The former head of Trump's Environmental Protection Agency transition team is setting his sights on making sure proposed job cuts at the EPA stick as the agency's budget makes its way through the House Appropriations Committee.

The 3,000-person cut is one of the only areas where House appropriators agreed with President Trump's budget request.

"So, there will be a smaller EPA coming out of this, even though the budget cut was only about 6 or 7 percent, rather than 31 percent" that Trump requested, Myron Ebell told the Washington Examiner in an interview.

Ebell said the EPA-Interior budget bill that was voted out of the Approprations Committee's Interior subcommittee this week will be the focus of a coalition he is part of that includes the libertarian Competitive Enterprise Institute, where he serves as environment and energy director, and other free-market think tanks and advocacy organizations.

"We are going to be pushing for larger cuts than Ken Calvert's subcommittee voted out," Ebell said.

Nevertheless, he is being more selective on which areas he will seek to be cut. The job cuts and the millions of dollars the House gives to EPA for employee buyouts are a primary focus, as well as reducing the size of the agency's regional offices.

Ebell said he is willing to leave alone other areas that Trump proposed to cut in his budget request because of entrenched special interests.

"The things we won't have any luck with is getting rid of the big pork barrel projects, particularly the Great Lakes restoration and the Chesapeake Bay" programs, he said. "Those are huge pork barrel projects, particularly the Great Lakes, which have large support from the special interests."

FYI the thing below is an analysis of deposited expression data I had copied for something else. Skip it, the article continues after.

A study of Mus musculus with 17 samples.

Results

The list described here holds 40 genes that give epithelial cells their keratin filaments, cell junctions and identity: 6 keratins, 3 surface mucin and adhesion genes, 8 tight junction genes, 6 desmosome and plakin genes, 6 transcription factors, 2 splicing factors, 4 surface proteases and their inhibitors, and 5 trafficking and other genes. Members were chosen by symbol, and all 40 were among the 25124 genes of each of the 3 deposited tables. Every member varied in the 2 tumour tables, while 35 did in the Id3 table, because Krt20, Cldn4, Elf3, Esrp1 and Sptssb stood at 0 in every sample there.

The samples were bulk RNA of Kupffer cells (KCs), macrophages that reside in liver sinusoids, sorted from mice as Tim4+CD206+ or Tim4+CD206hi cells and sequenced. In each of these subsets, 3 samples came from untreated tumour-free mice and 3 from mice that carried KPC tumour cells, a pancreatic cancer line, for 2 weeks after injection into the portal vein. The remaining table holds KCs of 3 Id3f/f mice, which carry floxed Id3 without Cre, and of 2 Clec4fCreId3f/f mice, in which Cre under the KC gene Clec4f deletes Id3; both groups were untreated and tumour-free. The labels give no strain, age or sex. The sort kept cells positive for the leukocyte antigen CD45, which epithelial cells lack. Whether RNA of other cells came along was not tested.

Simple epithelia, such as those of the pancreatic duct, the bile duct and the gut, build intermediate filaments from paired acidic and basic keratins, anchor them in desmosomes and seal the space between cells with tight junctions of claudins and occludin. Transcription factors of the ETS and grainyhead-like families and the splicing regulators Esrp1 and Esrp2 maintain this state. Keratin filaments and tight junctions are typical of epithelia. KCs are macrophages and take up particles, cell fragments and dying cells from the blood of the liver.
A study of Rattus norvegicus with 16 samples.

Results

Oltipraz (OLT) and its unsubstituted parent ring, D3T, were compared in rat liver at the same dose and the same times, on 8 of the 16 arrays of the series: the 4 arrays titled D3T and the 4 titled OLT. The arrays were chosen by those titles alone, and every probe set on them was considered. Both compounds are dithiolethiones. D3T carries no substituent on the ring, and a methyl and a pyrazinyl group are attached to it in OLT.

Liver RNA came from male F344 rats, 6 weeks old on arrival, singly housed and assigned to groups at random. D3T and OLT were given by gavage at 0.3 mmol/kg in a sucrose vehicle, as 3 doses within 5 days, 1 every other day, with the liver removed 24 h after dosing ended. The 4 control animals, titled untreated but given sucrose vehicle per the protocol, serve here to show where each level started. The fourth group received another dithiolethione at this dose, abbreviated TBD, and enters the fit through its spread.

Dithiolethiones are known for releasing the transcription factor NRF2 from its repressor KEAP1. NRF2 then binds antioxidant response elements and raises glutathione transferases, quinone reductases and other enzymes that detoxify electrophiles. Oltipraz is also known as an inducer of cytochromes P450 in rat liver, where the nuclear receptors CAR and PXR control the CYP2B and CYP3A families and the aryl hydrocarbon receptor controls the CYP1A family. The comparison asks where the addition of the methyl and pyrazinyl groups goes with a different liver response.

"We aren't going to mess with those. We are going to look at reducing the size of the program offices, particularly the regional offices budgets," he said.

"We aren't going to look at the pass-through grants to the states. We aren't as opposed to that as we are to the overmanning … [of the agency]."

"The great thing about getting rid of [3,200] EPA regulators is you'll have a lot less regulation, right? So, they won't have as much ability to regulate every damn thing."

Ebell discussed the road forward for cutting environmental spending after the coalition he is leading failed to persuade House lawmakers to include amendments to a major House defense spending bill that would gut the Pentagon's climate change directives.

The coalition argued that the Department of Defense's focus on climate change is a misallocation of resources that places service members in harm's way.

"They moved this bill very quickly, and we didn't really have time to do anything," he said. "We weren't very well prepared because of the very quick schedule, so on the Senate side, we'll have a little more time."

But other hurdles remain in the Senate. "The Senate [appropriations] committee, particularly the Interior subcommittee, is not particularly friendly; Lisa Murkowski [R-Alaska] is the chairman," he said.

"But she is friendly on some of these issues. So, we will have to see. Now that we know what's in the bill, I think we will have a more organized effort over a longer period of time."